Run Time: 1 minute
As part of its ongoing “Creation Stories” series, FastCompany posted this interview with Ricky Gervais. Gervais is perhaps one of the best comedic writers in the business today, known to most audiences for his work on The Office which he built into a brilliant multinational franchise on the insight that no matter where you go in the world, “we’ve got a little bit of David Brent in all of us.”
Gervais recounts one of the most important lessons he learned as a writer and storyteller. It happened when he was about 13. No matter how hard he tried to excel at creative writing in school, his work failed to impress his instructor.>I always thought my stories were the best. They were more exciting. And whenever I wrote a story and handed it in I always got it back: “Too melodramatic. Write about what you know.” And this was frustrating because I was thinking, “it’s either good or it isn’t.” And I thought my stories were so … who wouldn’t like a story called Jesik about a maverick cop who didn’t play by the rules? Are you mad? … And all the other kids are getting B’s and A’s.
Then Gervais describes his plan to get back at his teacher—to write a story that was very real and lacking any sense of melodrama. In fact, Gervais conceived of this story as a kind of prank. He would write something that was just so boring, in his view. That story altered his understanding of what it takes to engage an audience.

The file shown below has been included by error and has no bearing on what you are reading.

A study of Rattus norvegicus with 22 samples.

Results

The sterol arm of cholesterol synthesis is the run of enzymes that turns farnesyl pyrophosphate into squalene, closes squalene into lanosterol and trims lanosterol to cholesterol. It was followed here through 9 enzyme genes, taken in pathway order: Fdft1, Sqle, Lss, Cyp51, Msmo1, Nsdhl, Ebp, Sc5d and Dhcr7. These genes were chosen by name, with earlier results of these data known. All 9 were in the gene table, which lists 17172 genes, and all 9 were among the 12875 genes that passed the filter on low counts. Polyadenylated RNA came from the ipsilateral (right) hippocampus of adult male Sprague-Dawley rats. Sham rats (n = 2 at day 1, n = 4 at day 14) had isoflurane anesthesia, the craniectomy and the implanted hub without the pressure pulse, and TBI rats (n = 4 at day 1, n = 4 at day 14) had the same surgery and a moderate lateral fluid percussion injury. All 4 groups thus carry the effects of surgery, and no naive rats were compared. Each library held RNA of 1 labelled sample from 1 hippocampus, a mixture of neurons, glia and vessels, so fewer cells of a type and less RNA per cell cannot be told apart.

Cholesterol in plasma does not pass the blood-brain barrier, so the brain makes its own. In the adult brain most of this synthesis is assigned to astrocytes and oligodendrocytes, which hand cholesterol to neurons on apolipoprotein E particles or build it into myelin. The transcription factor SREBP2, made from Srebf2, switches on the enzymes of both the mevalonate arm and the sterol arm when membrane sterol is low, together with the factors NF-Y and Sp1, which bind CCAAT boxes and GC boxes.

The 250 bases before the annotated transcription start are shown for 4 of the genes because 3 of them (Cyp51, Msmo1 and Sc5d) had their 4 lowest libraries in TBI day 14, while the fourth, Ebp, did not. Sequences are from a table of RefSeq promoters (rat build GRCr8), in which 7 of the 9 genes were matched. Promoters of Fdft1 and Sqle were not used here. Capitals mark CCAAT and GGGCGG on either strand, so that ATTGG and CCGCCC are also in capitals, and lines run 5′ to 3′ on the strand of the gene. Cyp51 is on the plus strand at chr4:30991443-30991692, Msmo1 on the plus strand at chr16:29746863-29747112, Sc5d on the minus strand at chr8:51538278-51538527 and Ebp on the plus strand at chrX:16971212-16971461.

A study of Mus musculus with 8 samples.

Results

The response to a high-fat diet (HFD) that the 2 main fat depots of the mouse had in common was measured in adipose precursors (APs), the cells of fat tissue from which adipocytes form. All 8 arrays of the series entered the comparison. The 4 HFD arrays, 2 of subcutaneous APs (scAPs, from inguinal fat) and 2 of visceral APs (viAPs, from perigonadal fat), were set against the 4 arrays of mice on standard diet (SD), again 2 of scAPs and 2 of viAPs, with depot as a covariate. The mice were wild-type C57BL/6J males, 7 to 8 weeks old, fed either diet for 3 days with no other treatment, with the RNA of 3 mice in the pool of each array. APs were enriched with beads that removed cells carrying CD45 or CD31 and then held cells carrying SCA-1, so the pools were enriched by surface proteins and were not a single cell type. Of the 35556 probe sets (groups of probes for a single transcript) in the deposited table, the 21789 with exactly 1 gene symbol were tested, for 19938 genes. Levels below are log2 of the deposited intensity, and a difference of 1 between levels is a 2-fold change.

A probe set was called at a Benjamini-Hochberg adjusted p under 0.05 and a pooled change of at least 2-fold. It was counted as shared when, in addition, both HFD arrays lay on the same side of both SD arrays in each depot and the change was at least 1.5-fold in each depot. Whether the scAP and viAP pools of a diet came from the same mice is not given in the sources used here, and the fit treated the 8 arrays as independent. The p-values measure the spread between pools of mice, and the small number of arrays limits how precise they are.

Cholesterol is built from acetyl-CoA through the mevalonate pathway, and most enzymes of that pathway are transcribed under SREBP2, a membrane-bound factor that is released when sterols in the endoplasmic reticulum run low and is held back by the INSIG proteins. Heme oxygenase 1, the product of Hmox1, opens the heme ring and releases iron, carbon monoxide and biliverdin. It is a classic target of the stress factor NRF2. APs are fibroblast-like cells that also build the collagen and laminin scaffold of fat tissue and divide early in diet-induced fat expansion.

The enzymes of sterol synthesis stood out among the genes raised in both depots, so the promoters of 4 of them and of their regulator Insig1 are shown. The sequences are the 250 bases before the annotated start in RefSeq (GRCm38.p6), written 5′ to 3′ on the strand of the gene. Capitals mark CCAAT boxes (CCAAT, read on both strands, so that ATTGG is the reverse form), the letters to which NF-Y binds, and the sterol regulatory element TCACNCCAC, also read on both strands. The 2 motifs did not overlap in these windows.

Being honest is what counts. Trying to make the ordinary the extraordinary is so much better than starting with the extraordinary.
The piece reminds me of my own frustrations as a young writer. I think many of us can relate to the advice, “write about what you know.” I remember arguing with a professor in college. “Shakespeare was never stranded on an island,” I said. And the clever professor shot back, “but he most certainly felt isolated and perhaps a little mad at times. That’s why The Tempest works.”
It doesn’t matter whether we’re writing a report for our job or a new novel, the key to good storytelling is relating. When I was younger, the phrase I hated almost as much as “write what you know” was “all you need is life experience.” There’s no quicker way to enrage an ambitious kid with a pen in hand then tell them their work will get better with age. But as an older man I know the advice is accurate. The more we live, the more we can relate our stories to what we’ve experienced in the real world. Or as Gervais puts it, “It’s your job to make an audience as excited and fascinated about a subject as you are. And, real life does that.”